Bituminous sands, generally known as oil sands or tar sands, are a type of unconventional petroleum deposit. The sands contain naturally occurring mixtures of sand, clay, water, and a dense and extremely viscous form of petroleum technically referred to as bitumen (or colloquially “tar” due to its similar appearance, odour, and colour). Oil sands are found in large amounts in many countries throughout the world, but are found in extremely large quantities in Canada and Venezuela.
The tar sands are huge deposits of bitumen, a tar-like substance that’s turned into oil through complex and energy-intensive processes that cause widespread environmental damage – polluting the Athabasca River, lacing the air with toxins and turning farmland into wasteland. Large areas of the Boreal Forest are being clearcut to make way for development in the tar sands, the fastest growing source of greenhouse gas emissions in Canada.
Greenpeace is also concerned with the social and health costs of the oil sands. First Nations communities in the tar sands report unusually high levels of rare cancers and autoimmune diseases. Their traditional way of life has been threatened. Substance abuse, suicide, gambling and family violence have increased in the tar sands. The thousands of workers brought in by oil companies face a housing crisis in northern Alberta.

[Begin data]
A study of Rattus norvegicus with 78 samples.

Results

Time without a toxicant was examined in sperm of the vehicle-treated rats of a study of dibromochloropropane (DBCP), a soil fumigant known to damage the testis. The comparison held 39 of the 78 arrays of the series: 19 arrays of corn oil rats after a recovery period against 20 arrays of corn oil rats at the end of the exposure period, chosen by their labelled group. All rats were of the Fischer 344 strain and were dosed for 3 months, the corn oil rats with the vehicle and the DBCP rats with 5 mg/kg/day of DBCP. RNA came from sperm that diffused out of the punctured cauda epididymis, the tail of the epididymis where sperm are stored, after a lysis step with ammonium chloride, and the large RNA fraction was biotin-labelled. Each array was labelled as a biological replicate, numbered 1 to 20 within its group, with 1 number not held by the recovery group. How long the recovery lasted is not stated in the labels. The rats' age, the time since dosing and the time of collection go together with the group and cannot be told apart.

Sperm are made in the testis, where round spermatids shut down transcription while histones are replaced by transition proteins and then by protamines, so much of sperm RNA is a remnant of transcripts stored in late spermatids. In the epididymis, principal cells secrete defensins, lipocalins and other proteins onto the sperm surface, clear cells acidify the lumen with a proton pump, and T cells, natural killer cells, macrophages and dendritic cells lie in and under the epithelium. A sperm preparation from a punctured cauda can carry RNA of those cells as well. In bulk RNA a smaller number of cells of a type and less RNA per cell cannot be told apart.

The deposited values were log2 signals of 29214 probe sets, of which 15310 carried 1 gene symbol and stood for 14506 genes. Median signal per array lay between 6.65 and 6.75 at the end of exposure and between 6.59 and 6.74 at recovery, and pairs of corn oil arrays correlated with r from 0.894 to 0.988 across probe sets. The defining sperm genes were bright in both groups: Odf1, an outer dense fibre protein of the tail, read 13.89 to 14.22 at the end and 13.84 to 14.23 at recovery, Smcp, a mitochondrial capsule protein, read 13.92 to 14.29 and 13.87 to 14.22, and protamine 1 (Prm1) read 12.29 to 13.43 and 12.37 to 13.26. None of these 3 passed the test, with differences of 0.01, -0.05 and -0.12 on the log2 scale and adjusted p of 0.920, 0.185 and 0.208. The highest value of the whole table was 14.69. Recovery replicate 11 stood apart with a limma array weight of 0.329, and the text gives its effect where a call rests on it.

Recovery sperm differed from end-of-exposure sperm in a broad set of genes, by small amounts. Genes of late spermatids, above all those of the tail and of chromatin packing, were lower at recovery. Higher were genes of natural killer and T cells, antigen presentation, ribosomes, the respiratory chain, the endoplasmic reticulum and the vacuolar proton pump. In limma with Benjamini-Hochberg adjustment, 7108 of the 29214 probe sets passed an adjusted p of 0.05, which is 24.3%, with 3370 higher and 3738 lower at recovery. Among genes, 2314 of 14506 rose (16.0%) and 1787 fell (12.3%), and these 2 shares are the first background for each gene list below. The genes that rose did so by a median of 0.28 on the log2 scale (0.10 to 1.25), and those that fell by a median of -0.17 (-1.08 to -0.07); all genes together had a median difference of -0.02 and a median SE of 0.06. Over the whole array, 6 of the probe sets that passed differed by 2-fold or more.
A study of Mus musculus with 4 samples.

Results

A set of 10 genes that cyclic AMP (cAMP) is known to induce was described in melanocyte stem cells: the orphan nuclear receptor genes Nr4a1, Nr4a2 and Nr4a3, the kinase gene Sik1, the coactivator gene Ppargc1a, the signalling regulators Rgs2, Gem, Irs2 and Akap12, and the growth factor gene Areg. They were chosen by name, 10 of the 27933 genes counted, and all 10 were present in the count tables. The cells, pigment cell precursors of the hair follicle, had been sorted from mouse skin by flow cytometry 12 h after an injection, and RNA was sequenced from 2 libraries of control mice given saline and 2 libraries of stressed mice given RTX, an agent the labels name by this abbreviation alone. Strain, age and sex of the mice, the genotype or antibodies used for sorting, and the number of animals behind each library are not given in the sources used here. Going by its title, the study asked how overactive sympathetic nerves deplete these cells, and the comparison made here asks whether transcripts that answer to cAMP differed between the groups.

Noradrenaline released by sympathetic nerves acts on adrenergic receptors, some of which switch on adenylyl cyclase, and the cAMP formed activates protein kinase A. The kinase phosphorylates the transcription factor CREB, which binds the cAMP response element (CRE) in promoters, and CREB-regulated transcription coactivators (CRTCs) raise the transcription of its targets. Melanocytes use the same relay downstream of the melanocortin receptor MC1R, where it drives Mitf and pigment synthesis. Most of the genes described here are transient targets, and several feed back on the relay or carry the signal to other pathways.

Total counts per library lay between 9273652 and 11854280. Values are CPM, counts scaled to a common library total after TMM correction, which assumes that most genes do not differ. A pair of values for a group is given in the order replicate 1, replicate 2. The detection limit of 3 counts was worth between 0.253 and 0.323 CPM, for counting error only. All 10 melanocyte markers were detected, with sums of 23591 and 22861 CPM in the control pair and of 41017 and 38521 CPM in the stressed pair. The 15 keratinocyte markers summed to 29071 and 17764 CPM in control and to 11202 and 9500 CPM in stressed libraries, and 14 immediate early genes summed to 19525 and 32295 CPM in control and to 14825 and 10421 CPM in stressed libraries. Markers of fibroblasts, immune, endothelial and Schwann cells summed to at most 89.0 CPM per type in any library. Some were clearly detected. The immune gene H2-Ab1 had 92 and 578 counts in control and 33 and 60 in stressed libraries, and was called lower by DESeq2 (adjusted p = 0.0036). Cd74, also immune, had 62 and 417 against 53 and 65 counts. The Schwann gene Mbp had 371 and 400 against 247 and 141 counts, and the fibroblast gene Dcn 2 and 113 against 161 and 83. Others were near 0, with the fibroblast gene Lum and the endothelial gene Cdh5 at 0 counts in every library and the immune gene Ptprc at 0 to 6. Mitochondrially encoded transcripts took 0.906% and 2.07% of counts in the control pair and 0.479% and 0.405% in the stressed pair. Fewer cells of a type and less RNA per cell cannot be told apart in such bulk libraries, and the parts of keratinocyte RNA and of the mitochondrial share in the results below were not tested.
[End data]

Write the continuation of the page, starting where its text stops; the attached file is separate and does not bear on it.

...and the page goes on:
While the tar sands are often touted as Canada’s economic driver, from a social costs standpoint, Albertans are paying a hefty price. The Alberta government has been cutting essential social services from hospital beds to Aboriginal services, while oil companies rake in record profits. And while the tar sands create jobs in the short term, two out of three jobs are in construction, meaning once the initial work is completed, those jobs disappear.
The next environmental hurdle for the proponents of the Oil Sans project is to build a pipeline to the U.S. which has activists around the world enraged. A recent headline from Washington D.C. stated: The fight over the Keystone XL pipeline has become the marquee environmental bout of the 2012 election season, with serious implications for President Obama’s campaign and the future of the North American environmental movement.
At stake is what has quickly become the largest environmental test for Obama before the 2012 election: The president must choose whether or not to grant a Canadian company a permit to build a 1,700-mile pipeline from the Alberta tar sands to refineries on the Gulf of Mexico. Environmentalists warn that the pipeline could cause a BP disaster right in America’s heartland, over the largest source of fresh drinking water in the country, the Ogallala Aquifer. The nation’s top climatologist, James Hansen, has warned that if the Canadian tar sands are fully developed, it could be “game over” for the climate.